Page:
Molly McNinch asks her students to tape their posters up on the wall, and then engage in a “gallery walk,” encouraging them to “find one thing about one of the posters that you did not have on yours.” After Molly’s students examine their colleagues’ work, she asks them to identify strong elements in other posters, explaining the strategies that were used. Some students praise the labeling (e.g., a key) that other groups used. Other students identify the use of multiple shapes (not just cups, but cones, triangles). To close the lesson, Molly draws the whole group back together and asks them to return their materials and laptops to their places.
STUDENT: That's R minus S.
MOLLY MCNINCH: Less than a minute. Let's get them on the board please! Three, two, one ... All right, find a seat, you guys. All right, so ... All right, Julian, find your seat. Please. So, for those of you guys who have all finished your posters ... Now, we are going to get out of our seats when I say go, and I want you guys to find one thing about one of the posters that you did not have on yours. Okay? So, there's one, two, three, four, five, six posters that are going to be put up. All right, everybody gets up. You all have Airheads [education technology] except that group who I haven't given them to. So, walk around. One thing you notice. Okay, go.
One thing you notice. So, Julian, the posters are right behind you. Okay. All right. There we go. Okay. All right. Now. Okay. Now once you have your thing that you notice that was really cool, you can go back to your seat. So once you found the thing that you thought was super cool, you can head back to your seat.
Okay. All right. Now, I would like to hear one -- oh sorry, I want to hear two things, two things. All right, so who saw something that was really cool that they didn't have on their poster? Gavin, and then we'll do Kelsey.
STUDENT: The final equation.
MOLLY MCNINCH: The what?
STUDENT: Final equation.
MOLLY MCNINCH: On whose poster?
STUDENT: On Jack's poster.
MOLLY MCNINCH: This one?
MOLLY MCNINCH: So having Heather's equation and going all the way down to their final equation. So, some of the -- yeah, it's really nice. I like this diagram. Really great. Yeah, so again, we're not focusing on getting all the way to the end. We're focusing on what strategies were used.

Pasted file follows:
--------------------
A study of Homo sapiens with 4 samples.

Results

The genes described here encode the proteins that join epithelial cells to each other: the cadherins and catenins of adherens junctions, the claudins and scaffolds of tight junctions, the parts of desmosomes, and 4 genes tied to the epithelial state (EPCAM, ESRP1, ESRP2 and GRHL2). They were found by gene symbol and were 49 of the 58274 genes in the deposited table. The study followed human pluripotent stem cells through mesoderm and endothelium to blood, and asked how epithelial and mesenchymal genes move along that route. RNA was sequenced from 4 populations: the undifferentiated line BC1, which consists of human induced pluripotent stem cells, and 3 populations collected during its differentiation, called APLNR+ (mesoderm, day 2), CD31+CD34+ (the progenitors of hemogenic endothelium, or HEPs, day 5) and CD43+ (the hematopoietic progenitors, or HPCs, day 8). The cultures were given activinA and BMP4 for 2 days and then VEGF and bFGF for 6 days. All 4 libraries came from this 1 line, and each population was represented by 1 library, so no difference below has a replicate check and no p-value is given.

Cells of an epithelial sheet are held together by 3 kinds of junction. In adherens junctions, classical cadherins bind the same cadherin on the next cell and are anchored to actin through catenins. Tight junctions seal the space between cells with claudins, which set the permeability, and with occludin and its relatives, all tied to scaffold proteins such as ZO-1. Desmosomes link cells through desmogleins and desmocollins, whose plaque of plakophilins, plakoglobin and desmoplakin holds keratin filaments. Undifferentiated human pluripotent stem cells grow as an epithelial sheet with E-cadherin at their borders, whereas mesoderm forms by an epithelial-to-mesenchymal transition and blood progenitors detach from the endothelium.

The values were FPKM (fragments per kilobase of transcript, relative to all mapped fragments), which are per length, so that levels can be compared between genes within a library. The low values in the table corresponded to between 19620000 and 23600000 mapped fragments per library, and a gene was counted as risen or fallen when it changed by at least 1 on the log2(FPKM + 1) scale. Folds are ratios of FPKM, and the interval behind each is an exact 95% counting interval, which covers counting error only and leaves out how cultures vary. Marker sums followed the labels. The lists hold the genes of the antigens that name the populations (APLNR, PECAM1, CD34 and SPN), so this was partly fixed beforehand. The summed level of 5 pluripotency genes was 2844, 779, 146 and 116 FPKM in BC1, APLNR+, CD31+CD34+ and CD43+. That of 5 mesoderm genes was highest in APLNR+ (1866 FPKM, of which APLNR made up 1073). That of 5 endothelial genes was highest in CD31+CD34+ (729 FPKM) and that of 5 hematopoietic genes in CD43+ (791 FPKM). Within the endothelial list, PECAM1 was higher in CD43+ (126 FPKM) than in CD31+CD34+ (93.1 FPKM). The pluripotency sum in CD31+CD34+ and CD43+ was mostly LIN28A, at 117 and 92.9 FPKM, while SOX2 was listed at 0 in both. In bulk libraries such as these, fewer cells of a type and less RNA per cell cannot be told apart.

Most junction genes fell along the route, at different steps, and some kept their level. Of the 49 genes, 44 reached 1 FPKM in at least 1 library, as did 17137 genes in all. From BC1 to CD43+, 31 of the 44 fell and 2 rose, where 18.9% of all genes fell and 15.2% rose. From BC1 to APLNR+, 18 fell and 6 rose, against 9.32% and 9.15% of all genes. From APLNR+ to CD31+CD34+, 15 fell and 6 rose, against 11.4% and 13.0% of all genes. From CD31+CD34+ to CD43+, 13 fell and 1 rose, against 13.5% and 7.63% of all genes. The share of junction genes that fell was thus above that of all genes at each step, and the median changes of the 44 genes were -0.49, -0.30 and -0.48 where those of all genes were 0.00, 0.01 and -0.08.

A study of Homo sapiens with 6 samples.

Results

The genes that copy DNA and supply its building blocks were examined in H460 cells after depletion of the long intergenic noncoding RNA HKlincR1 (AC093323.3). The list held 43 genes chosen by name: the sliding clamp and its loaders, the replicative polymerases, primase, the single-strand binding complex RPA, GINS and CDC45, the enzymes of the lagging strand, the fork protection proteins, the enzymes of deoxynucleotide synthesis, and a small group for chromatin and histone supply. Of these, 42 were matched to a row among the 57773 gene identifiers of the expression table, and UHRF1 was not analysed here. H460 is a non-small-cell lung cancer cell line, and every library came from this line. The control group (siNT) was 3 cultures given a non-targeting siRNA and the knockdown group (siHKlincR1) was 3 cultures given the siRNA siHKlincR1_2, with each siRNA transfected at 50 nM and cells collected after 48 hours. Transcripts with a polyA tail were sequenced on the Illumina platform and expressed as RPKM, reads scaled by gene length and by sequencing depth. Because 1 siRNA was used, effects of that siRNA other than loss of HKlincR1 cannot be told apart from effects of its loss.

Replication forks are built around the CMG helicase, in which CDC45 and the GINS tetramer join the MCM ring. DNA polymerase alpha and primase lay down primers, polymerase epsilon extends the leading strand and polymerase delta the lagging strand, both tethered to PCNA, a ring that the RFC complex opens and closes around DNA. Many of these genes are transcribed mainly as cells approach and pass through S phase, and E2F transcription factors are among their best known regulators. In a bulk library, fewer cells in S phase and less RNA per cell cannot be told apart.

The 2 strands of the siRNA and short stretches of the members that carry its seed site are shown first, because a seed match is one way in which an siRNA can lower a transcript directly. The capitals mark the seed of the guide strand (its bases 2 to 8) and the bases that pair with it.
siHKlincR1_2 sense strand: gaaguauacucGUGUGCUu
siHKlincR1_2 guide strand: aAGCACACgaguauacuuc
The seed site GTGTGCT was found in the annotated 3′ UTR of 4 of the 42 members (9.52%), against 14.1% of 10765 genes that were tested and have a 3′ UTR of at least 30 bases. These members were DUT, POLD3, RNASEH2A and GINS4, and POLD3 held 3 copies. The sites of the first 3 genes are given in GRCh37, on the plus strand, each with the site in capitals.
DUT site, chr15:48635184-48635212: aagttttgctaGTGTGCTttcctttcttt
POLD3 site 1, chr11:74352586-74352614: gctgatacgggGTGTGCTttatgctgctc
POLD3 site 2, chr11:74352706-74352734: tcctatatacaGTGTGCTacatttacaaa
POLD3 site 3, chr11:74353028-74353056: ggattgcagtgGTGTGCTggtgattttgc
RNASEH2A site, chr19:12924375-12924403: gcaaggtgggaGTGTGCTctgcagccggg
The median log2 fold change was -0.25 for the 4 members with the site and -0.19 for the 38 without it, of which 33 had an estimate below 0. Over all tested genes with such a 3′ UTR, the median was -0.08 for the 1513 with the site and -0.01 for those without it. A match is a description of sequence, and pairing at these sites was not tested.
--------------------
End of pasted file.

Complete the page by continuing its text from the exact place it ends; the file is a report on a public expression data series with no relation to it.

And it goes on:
So Kelsey, what were you going to say?
STUDENT: I liked on Veronica and Robert's poster. They had a key and some diagrams. MOLLY MCNINCH: Mm-hmm [affirmative], yeah. A key's always really helpful. What is also helpful is those diagrams. I like that. And then Cole, you want to share with us what you were going to say?
STUDENT: I forgot.
MOLLY MCNINCH: Okay, he forgot. All right. Does anybody else have something they want to share? Yes? No? Caroline?
STUDENT: For, like, the top -- like, some people did the triangle like in Veronica's. I didn't like really think of that.
MOLLY MCNINCH: Yeah, so a lot of people -- this was also in third period, as well. So some people came up with these great diagrams of cones or triangles, and some people only had their cups [Inaudible -- bell rings], which is really great.
Now, please -- red, blue, yellow paper, put them back in the sheet protector.
Chromebooks go back in the box. If you borrowed markers put them back, and if you haven't gotten an Airhead, I'm coming to you, Max and Nathan.
I think that having a slightly larger group, focusing them to make a poster, focusing them to put all of their work in one place, allowed me to tell them to focus on the process that they were doing versus the solution. Groups of three are ideal here. Groups of four can be too big, and it is a difficult concept for two partners to focus on individually.
Instead of anticipating the misconceptions as, "Well, I think they're going to have trouble with the diameter and radius," which none of them had trouble with, it worked better to anticipate those needs as, "It might be best to put them in larger groups. It might be best to … change what they're producing just so that it's more familiar to them."